Arm announced the launch of Arm Helium technology is a new M-Profile Vector Extension bringing enhanced compute capabilities to the Armv8.1-M architecture.
The drive towards a world of a trillion connected devices is accelerating and will continue to do so, but only if we can find ways to efficiently expand the compute capabilities on a greater number of constrained devices at the far edge of the network. Increasing the compute capabilities in these devices will immediately open the door for developers to write machine learning (ML) applications directly for the device for decision-making at the source, thus enhancing data security while cutting down on network energy consumption, latency and bandwidth usage.
To achieve this, Arm has introduced the Arm Helium technology, the M-Profile Vector Extension (MVE) for the Arm Cortex-M series processors that will enhance the compute performance of the Armv8.1-M architecture on the secure foundation of Arm TrustZone. Helium will deliver up to 15x more ML performance and up to 5x uplift to signal processing for future Arm Cortex-M processors, unlocking new market opportunities for our partners where performance challenges have limited the use of low-cost and highly energy-efficient devices.
The next level of compute
Advanced digital signal processing (DSP) is available today through Arm Neon technology in richer Cortex-A based devices.
In addition, for more constrained applications, Arm also added DSP extensions in its higher performance Cortex-M processors (Cortex-M4, Cortex-M7, Cortex-M33 and Cortex-M35P). Both technologies can be used to accelerate ML compute in certain applications.
For the most constrained embedded systems where energy efficiency is prioritized, historically the solution has been coupling a Cortex processor with a DSP in SoCs, which adds complexity to both hardware and software design. As we look to incorporate more ML capabilities on to these devices, several existing SoC development challenges are intensified and require a higher level of expertise in utilizing different toolchains, programming, debugging and working with complex proprietary security solutions.
Armv8.1-M with Helium eliminates these challenges by delivering real-time control code, ML and DSP execution without compromising efficiency. In turn, millions of software developers will be able to securely scale intelligent applications that take advantage of DSP capabilities across a wider range of devices, enabling enhanced support for emerging applications across three key categories; vibration and motion, voice and sound, and vision and image processing. This will improve the user experience in future devices such as sensor hubs, wearables, audio devices and industrial applications powered by next-generation SoCs based on Cortex-M with Helium technology.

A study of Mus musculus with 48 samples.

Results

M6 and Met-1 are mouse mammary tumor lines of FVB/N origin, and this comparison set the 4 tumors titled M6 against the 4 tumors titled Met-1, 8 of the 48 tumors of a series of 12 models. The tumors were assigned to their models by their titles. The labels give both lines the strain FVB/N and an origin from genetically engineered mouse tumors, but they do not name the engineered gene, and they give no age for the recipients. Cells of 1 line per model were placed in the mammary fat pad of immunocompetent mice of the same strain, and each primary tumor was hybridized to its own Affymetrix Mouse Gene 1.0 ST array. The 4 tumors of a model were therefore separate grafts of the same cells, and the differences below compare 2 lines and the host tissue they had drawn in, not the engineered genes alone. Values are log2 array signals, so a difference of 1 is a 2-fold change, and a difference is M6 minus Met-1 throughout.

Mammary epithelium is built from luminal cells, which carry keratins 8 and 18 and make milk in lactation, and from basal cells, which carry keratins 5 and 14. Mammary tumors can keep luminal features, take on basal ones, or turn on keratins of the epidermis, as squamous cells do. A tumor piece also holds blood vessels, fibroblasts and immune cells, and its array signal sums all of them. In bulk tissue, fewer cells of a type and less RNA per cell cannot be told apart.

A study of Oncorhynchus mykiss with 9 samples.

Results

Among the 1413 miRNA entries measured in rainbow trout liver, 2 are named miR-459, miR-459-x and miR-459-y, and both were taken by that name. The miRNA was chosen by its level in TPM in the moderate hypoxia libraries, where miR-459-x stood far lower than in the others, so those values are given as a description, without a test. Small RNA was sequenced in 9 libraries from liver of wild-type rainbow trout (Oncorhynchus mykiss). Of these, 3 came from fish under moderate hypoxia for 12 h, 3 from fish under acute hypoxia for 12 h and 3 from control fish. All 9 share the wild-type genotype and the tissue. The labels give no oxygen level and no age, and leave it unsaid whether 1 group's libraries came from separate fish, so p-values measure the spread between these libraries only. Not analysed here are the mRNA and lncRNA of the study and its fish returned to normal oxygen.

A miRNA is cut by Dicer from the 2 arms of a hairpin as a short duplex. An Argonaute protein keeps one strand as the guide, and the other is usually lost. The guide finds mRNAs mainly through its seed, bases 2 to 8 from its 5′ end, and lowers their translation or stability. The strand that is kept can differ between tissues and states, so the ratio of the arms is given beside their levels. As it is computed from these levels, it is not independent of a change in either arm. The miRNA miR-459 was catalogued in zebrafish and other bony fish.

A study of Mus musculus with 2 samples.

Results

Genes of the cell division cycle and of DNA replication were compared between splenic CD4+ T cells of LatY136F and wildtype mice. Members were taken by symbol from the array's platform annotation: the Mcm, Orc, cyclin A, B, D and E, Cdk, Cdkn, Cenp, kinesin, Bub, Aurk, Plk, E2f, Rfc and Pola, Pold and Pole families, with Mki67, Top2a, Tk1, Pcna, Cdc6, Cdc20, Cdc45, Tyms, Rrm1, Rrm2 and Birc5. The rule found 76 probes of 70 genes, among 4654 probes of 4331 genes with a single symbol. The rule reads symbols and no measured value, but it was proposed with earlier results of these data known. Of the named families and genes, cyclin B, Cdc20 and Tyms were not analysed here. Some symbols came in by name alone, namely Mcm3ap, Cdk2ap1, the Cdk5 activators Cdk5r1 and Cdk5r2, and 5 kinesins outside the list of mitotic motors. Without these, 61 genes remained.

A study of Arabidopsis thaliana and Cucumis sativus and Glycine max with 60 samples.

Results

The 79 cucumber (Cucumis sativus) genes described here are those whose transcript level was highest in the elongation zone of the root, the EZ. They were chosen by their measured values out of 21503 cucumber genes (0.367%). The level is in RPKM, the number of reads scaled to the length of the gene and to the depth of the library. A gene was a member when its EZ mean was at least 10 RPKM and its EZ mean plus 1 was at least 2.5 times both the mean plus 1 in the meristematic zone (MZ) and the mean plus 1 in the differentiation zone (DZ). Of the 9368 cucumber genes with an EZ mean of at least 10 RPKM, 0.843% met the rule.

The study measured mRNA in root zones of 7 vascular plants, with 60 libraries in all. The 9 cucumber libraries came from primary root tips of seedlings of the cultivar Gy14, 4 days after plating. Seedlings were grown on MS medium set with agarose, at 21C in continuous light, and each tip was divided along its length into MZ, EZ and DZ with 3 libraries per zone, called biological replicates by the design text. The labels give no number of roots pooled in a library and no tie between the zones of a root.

The Key Benefits of the Armv8.1-M with Helium include:
- Optimized cost, power and design efforts by consolidating functionality
- Simple deployment of TrustZone due to Armv8.1-M being designed to Platform Security Architecture (PSA) specifications
- Single toolchain for both control and signal processing software development
- Easier software development due to a comprehensive set of tools, models and libraries from the well-established Helium ecosystem, many of which are already being used by Cortex-M developers today
Simplifying software development
Software development will be made simpler due to Helium’s unified toolchain, libraries and models. The Helium toolchain includes the Arm Development Studio, encompassing Arm Keil MDK, Arm Models (which are immediately available to developers for code modelling) and various software libraries including CMSIS-DSP and CMSIS-NN, allowing developers to choose the best fit for their needs. And for signal processing applications we make it even simpler by removing the need for a dedicated DSP or function accelerator and eliminating another layer of design complexity.
Powering the next generation of embedded and IoT devices
Helium is the latest example of the value Arm’s Project Trillium brings to ML applications by supporting frameworks and libraries right down to the hardware. There is no one product that fits all as all SoC developers must innovate within a different performance, area, power and cost constraints.
Toolchain and models for Helium are available today and we expect Helium to be available in silicon within the next two years.